How do Christians go about their world as a witness without falling into one of two approaches today that don’t get the job done? The first method is the bold, unapologetic, shove-it-in-your-face-with-love approach one sometimes observes in public places. The other approach is the conversational approach, the kind of conversation where we get lost in conversation and never get out. These are two approaches that David Fitch and Geoff Holsclaw are seeking to avoid in their book Prodigal Christianity, and where they propose a fourth signpost: Witness.
What does it mean to “witness”? What do you think of their three-fold breakdown of witness? Where do you see witness today?
They use the illustration of cross-gender relationships in their church to explore what it means to witness to the truth. Sometimes the conversation never progresses — it is just a conversation that needs to be had. “This is why we’ve become convinced over the past several years that more than a ‘gospel’ pronouncement or a ‘kingdom’ conversation, the church is called to be a ‘witness'” (57). [By the way, by using the quotation marks in these both gospel and kingdom get connected in ways that don’t help either term.] So we need, they say, more than pronouncement and more than conversation; we need to embody the truth in a compelling way.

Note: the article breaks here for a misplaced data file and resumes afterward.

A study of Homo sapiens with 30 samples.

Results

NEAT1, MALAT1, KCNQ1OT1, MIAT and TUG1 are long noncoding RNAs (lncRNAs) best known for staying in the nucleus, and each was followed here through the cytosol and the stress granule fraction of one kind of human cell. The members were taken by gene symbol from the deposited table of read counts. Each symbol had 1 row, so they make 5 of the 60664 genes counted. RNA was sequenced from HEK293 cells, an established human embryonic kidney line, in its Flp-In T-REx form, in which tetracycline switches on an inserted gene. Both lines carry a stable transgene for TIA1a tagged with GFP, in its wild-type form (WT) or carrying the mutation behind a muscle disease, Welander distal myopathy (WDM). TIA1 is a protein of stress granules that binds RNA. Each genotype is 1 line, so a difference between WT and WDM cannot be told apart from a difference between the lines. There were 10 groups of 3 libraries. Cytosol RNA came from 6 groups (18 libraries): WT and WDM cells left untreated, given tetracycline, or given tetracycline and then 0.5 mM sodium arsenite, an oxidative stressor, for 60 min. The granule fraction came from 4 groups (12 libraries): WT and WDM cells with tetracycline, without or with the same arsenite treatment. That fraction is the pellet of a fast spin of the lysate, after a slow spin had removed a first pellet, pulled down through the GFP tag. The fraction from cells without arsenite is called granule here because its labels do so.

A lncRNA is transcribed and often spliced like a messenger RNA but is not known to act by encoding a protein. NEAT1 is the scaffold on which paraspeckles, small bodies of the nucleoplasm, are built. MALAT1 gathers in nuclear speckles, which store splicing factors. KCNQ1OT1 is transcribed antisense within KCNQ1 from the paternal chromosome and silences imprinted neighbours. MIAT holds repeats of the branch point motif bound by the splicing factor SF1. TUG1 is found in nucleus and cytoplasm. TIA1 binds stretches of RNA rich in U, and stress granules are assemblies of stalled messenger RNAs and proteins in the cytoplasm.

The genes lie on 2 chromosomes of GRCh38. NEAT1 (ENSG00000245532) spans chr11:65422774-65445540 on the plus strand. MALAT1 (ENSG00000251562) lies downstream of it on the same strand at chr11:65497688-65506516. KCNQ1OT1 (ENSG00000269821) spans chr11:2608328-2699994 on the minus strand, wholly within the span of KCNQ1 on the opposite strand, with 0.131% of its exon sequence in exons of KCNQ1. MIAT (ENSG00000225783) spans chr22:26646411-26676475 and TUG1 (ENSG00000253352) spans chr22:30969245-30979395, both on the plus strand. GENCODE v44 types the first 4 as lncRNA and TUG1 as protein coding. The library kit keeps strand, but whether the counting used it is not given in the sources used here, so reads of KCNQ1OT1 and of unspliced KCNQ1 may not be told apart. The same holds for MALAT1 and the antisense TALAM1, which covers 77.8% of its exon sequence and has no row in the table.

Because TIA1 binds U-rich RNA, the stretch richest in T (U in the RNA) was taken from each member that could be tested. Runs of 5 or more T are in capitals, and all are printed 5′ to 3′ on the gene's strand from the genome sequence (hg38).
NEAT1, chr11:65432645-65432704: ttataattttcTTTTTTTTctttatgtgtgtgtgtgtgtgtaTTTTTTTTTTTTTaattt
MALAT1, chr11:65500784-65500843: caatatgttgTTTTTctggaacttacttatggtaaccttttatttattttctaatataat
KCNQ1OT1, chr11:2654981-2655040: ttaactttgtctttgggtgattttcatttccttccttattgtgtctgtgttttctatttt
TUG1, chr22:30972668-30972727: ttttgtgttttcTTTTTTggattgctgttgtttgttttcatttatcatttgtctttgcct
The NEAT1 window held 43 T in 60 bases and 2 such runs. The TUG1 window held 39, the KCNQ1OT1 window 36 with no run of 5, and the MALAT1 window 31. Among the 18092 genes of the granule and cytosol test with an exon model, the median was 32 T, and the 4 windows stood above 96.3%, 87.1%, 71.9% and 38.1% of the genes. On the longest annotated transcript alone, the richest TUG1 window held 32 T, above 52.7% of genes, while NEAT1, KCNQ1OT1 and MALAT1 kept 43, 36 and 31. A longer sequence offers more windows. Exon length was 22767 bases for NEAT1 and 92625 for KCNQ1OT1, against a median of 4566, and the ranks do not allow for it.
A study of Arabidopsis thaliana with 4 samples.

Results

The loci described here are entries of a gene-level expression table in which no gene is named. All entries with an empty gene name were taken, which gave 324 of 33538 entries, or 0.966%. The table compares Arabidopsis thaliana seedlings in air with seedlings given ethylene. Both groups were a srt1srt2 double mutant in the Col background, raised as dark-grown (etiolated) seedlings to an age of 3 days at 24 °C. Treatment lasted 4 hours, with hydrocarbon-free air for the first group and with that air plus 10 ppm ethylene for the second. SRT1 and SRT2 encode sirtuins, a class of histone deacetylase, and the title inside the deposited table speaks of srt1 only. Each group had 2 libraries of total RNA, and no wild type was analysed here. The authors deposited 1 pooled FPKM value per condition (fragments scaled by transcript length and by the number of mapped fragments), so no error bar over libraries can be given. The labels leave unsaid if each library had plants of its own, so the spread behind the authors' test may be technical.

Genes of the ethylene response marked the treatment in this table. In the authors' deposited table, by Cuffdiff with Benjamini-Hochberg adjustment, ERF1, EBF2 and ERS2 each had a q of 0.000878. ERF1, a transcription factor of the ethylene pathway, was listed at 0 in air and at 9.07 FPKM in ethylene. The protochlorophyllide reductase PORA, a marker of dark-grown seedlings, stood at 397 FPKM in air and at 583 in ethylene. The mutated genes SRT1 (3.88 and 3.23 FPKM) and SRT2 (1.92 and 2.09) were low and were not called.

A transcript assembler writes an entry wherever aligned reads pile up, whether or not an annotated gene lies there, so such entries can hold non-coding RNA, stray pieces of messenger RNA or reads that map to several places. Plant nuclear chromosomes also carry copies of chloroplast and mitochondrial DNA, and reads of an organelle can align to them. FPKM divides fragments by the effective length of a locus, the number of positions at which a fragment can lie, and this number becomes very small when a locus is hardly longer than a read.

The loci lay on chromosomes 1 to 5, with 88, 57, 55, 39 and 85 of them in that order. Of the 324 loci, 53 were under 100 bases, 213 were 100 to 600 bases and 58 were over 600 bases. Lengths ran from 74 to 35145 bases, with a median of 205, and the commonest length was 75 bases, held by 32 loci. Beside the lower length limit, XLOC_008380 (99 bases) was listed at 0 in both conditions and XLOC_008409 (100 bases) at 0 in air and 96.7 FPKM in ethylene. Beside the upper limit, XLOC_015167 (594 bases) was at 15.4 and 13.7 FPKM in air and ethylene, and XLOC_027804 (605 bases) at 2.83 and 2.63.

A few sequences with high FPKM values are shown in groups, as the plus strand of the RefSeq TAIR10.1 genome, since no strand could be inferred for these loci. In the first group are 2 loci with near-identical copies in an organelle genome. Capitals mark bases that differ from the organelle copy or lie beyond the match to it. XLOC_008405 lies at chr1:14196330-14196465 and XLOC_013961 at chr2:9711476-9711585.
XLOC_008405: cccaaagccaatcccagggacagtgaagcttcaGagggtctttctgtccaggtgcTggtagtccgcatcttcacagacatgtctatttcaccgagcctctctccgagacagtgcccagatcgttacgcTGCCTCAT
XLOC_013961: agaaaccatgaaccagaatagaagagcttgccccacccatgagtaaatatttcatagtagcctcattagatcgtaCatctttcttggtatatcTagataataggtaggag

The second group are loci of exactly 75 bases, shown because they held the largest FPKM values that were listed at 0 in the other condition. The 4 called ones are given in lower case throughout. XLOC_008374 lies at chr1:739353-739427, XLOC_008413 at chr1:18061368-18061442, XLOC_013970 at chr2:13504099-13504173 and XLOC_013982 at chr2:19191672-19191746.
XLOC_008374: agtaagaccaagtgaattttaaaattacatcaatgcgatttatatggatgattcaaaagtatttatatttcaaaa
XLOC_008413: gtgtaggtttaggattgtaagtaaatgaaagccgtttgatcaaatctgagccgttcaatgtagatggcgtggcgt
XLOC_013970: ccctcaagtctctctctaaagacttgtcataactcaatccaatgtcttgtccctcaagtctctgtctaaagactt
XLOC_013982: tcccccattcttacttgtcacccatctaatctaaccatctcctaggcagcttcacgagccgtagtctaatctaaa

The word witness is the most common word for messaging in the NT. Witness they argue includes three themes:
Witness is when God is using us. Trinitarian (John 15:26; 5:37; 14:7). It involves being with others and sharing life with them. Witness points away from us to Christ, and witness is about a shared life that embodies God’s work among us. God’s transforming powers witness to the work of God in this world.
The prodigal nature of witness is to discern what God is doing and to enter into that work of God together to embody that work.